Qumran, famous hiding place of Dead Sea Scrolls

Qumran is famous as the hiding place of the Dead Sea Scrolls, a literary treasure trove hidden since shortly after the time of Hz. Isa عليه اسلام (according to christian Scholars)

WestBank, Palestine

Coordinates: 31.741601, 35.463353

Qumran Caves are a series of caves, some natural, some artificial, found around the archaeological site of Qumran in the Judaean Desert of the West Bank.

It is in these caves that the Dead Sea Scrolls were discovered.

The Dead Sea Scrolls are ancient Jewish religious manuscripts that were found in the Qumran Caves in the Judaean Desert, near Ein Feshkha on the northern shore of the Dead Sea in the West Bank. Scholarly consensus dates these scrolls from the last three centuries BCE and the first century CE.

The Qumran community was driven from its wilderness retreat by the Romans in AD 68, leaving its library of scrolls hidden in caves for safe-keeping.

In late 1946 or early 1947, a Bedouin boy of the Ta’amireh tribe, Muhammid Ahmed el-Hamed called edh-Dhib (the wolf), found a cave after searching for a lost animal. He stumbled onto the first cave containing scrolls from two thousand years ago.

More Ta’amireh visited the cave and scrolls were taken back to their encampment. They were shown to Mar Samuel of the Monastery of Saint Mark in April 1947 and the discovery of the Dead Sea Scrolls was made known.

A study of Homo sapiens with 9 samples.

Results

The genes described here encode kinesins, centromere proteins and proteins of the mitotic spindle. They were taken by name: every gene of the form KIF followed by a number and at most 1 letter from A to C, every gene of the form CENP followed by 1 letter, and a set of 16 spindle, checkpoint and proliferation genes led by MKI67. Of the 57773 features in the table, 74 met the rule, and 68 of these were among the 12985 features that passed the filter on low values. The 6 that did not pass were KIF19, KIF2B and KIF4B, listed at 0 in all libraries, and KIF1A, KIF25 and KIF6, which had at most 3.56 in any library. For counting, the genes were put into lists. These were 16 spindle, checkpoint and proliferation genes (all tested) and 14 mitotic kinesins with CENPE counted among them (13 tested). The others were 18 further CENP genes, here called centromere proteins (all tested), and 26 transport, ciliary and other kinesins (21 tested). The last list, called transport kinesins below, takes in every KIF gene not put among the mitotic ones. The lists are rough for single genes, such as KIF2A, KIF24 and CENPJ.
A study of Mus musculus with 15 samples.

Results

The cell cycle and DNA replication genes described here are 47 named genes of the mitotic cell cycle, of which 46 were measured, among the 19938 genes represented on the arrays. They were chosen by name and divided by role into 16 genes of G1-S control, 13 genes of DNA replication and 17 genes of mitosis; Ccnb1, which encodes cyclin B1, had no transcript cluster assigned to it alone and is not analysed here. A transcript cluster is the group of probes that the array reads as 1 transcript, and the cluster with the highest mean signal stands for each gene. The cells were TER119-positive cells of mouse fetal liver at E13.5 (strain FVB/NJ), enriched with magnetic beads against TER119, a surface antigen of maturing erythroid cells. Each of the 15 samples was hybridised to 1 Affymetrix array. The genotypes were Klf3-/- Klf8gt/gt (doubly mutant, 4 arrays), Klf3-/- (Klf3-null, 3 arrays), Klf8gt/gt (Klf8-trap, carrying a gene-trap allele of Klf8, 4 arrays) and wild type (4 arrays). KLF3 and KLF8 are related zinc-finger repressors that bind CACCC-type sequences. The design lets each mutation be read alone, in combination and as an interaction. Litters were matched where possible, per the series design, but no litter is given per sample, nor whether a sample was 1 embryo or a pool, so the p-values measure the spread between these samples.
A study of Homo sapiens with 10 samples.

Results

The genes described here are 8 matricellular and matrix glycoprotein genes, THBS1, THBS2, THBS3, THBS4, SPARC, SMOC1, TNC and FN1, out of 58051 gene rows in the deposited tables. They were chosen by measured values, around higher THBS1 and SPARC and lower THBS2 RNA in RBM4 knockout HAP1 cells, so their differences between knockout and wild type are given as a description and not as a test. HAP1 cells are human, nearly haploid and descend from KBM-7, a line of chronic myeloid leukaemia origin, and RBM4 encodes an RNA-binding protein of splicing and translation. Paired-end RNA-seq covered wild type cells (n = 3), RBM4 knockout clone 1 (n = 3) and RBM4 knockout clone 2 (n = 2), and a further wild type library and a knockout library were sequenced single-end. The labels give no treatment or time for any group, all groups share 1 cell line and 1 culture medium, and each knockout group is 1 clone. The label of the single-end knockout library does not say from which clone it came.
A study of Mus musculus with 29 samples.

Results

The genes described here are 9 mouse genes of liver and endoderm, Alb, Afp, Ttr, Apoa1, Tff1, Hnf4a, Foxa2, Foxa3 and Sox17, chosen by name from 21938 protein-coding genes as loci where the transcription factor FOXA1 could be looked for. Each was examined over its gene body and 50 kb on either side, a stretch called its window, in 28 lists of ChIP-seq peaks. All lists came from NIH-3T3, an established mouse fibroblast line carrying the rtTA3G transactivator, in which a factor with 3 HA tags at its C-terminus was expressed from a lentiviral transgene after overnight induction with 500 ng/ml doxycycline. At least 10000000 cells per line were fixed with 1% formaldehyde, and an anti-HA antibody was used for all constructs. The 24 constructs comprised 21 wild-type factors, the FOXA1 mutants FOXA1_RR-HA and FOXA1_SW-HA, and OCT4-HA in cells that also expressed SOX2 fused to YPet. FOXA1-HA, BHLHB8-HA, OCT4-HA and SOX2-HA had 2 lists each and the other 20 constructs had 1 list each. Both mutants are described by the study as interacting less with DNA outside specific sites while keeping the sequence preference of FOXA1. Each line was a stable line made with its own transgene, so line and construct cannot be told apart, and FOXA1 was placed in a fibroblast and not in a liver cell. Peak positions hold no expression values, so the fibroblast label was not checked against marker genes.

Who hid the scrolls at Qumran? Academics have hotly debated this question. The prevalent view is that the scrolls were written or copied by a devout group of Essenes, a strict Jewish sect formed in reaction to what they saw as religious laxity in Judaism.

Where are the scrolls now? Most are in Jerusalem (eight at the Shrine of the Book, where pages are regularly on display, and the others at the Rockefeller Museum). Some are in Jordan and Europe.

No scrolls mention anything about Hz. Hz. Isa عليه اسلام

Israel Nature and Parks Authority took over the site following the end of the 1967 war, when Israel occupied the West Bank and seized Qumran. Israel has since invested heavily in the area to establish the Qumran caves as a site of “uniquely Israeli Jewish heritage”.

The caves are recognized in Israel as a National Heritage Site, despite the caves being in occupied Palestinian territories; as such, the designation has drawn criticism.